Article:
After Antwerp

THE capture of Antwerp is the culminating point of the Belgian tragedy. But the end has not come yet, nor the beginning of the end. The Belgian Government retired to Le Havre, and maintained the continuity of the machinery of government with the fiction of exterioriality. The main Belgian army retired to the coast and to the extreme corner of West Flanders under the leadership of the ” Hero-King.” The Belgian army, which after two months of ceaseless fighting had earned the right to take a rest, instead claimed the right of marching into the line of

battle. Ever since the Belgian troops have borne the brunt of the fighting on the Yser, helping the Allies in holding back the German advance and barring the way to Calais. In the words of Mr. Gibbs : ” The Belgian resistance During all those deadly days the Germans continued their work of vandalism. One after another the beautiful coast towns, once the favourite resorts of the German middle classes—Middelkorke, Westende, Nieuport fell a prey to the flames. The inland Flemish cities, Dixmude and Roulers, were totally wiped out. In Roulers alone a thousand civilians were killed in the streets or whilst taking refuge in underground cellars.

II

THE appalling destruction achieved within the last few days is only an indication of what is certain to follow in the near future. In this connexion let us be under no delusion. In proportion as the Belgian resistance is more heroic, in proportion as the Allies succeed in driving back the Germans, the Belgian people themselves are bound to suffer more. The worst is still before us. Each victory of the Allies will have to be paid for by additional sufferings on the part of the Belgians. Before the end of November the whole of Belgium will probably be transformed into one huge military camp occupied in the north and east by 2,000,000 of Germans and in the south and west by 2,000,000 of Allied armies. The Germans will make a desperate stand. They know too much of the horrors of war not to strive their utmost to keep their own country clear of the enemy. They will be entrenched behind a formidable ring of fortresses. They will have to be bombarded out of Antwerp, Namur, and Liége. They will even have to be bombarded out of Brussels, for even Brussels has become a fortified city. Guns will be mounted upon the Cathedral of Sainte Gudule. The most beautiful church of Belgium, the most perfect town hall of Europe, will share the fate of the Cathedral of Reims and of the belfry of Arras, and the fate of Brussels is most probably to be the fate of all the remaining cities of Belgium.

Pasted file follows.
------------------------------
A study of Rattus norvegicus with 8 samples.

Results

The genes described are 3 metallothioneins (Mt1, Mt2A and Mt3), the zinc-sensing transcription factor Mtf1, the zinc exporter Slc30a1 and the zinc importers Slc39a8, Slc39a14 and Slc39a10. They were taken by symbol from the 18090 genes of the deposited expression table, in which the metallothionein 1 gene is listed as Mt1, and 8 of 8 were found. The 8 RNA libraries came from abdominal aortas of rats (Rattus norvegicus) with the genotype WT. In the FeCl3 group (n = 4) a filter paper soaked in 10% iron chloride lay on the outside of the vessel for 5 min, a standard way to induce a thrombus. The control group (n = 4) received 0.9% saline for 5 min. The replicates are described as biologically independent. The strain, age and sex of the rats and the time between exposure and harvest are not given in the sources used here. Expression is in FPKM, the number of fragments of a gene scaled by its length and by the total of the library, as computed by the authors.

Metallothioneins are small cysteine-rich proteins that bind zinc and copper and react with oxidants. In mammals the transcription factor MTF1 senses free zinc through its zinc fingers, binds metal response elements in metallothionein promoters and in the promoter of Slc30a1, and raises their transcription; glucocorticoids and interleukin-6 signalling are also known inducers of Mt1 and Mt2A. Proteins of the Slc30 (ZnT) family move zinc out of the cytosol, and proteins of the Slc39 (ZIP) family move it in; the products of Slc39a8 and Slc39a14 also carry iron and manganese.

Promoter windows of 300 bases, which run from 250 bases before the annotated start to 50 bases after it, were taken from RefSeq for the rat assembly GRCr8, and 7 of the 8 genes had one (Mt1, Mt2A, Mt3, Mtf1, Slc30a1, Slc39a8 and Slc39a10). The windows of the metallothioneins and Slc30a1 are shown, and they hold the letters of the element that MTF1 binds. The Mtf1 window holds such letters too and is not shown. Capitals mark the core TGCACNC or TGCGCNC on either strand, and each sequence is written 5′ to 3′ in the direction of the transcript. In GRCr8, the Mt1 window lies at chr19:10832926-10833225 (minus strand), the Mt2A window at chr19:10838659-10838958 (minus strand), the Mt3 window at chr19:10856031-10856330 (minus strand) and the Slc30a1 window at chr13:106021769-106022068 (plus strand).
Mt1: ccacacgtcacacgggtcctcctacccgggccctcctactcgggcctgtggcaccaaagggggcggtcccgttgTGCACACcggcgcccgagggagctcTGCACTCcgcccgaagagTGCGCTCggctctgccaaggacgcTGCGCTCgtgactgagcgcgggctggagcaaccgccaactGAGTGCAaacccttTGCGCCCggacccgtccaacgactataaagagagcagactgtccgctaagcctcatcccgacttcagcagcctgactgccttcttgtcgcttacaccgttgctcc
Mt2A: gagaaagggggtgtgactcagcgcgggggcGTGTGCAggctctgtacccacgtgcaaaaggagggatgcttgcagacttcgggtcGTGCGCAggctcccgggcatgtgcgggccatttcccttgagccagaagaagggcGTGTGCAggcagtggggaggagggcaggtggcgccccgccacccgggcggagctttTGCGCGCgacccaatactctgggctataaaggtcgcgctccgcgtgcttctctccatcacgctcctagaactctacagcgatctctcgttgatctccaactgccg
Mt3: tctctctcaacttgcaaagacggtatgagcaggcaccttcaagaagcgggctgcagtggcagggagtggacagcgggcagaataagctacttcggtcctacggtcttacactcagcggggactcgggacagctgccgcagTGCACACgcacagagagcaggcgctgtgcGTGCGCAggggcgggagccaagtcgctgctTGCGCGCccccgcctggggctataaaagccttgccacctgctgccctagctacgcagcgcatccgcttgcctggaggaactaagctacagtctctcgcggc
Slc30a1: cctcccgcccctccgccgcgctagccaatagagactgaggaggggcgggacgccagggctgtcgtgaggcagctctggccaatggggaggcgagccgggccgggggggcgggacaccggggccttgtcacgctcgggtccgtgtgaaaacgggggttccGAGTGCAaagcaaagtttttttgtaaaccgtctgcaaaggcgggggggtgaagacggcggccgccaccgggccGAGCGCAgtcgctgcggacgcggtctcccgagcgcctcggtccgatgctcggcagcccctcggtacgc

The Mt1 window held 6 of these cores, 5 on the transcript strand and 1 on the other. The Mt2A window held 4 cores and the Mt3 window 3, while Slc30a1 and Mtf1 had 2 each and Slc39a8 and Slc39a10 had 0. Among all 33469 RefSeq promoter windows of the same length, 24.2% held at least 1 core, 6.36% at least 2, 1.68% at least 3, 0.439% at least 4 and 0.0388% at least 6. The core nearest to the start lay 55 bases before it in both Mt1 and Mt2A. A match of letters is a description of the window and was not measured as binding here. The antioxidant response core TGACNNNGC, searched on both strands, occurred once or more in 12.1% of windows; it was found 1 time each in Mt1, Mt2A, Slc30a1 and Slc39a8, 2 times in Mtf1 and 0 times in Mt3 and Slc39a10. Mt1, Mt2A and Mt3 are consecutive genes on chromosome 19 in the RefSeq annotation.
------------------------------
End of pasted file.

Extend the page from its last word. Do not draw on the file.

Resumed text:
Once again I recall the words of King Albert to me in Antwerp : “When victory comes to our armies, what will remain of hapless Belgium ? ”

III

BELGIUM will have lost everything; The material drama and the destruction of thousands of cities and villages, the total collapse of industry and trade, are incalculable. The damage to the monuments, sacred to Art and Religion, is not only incalculable, but irreparable. The sufferings inflicted upon millions of people baffles imagination, but the moral and spiritual gain is equally inestimable. Belgium will have proved to all the world her determination and her right to exist as a free nation. She will have earned the sympathy and admiration of the whole world. She will have left an inspiring example to posterity. She has lost everything, but she has saved her own soul, and she has saved the liberties of Europe.

IV

AND, therefore, from the crumbling ruins, from the ruins and the ashes of the Belgium of today, a new and nobler Belgium will arise. The new Belgium will not be greater in territory, it is unlikely that Belgium will receive much accession of territory. There may be some rectification of boundaries in the Belgian Congo. The African colony may be made secure against any future encroachments of the German enemy. The mouth of the Scheldt may be declared either neutral or Belgian water, with due compensation to Holland, but Belgium will remain a small country ; but if she remains a small country she will become by unanimous consent a great nation, great from the conscience of her duty, nobly performed, of sufferings heroically borne, from an unshaken confidence in the future, strong with the strength tested in a score of battlefields, with unshaken confidence in the future.

And, therefore, Belgium can look forward with every confidence to the work of reconstruction. Thousands of villages are to be rebuilt. Thousands of farms have to be reconstructed and restocked. Tens of thousands of crofters will have to be assisted. But more difficult than the rebuilding of burning villages and cities will be the rebuilding of the complex fabric of trade and industry. And that fabric will have to be built mainly with British material, whereas in the past it was built mainly with German material. It is mainly with the assistance of British capital that Belgian industries will have to be reconstructed. Belgium will afford a splendid field for British enterprise. The economic motive will combine with the patriotic motive, to send British capital to Flanders. But stronger even than the bond of commercial interest will be the strength of the intellectual and moral bond. The study of the English language will become a compulsory subject for every Belgian school, and a new generation of Belgian schoolboys will arise taught to appreciate the literary achievements of the British race. The indelible memory of common sufferings in a sacred cause, of a chivalrous brotherhood in arms, the conscience of common political ideals, the same indomitable love of freedom, will weld the two nations together, and the British-Belgian Alliance will become a powerful factor in the future destiny of Europe.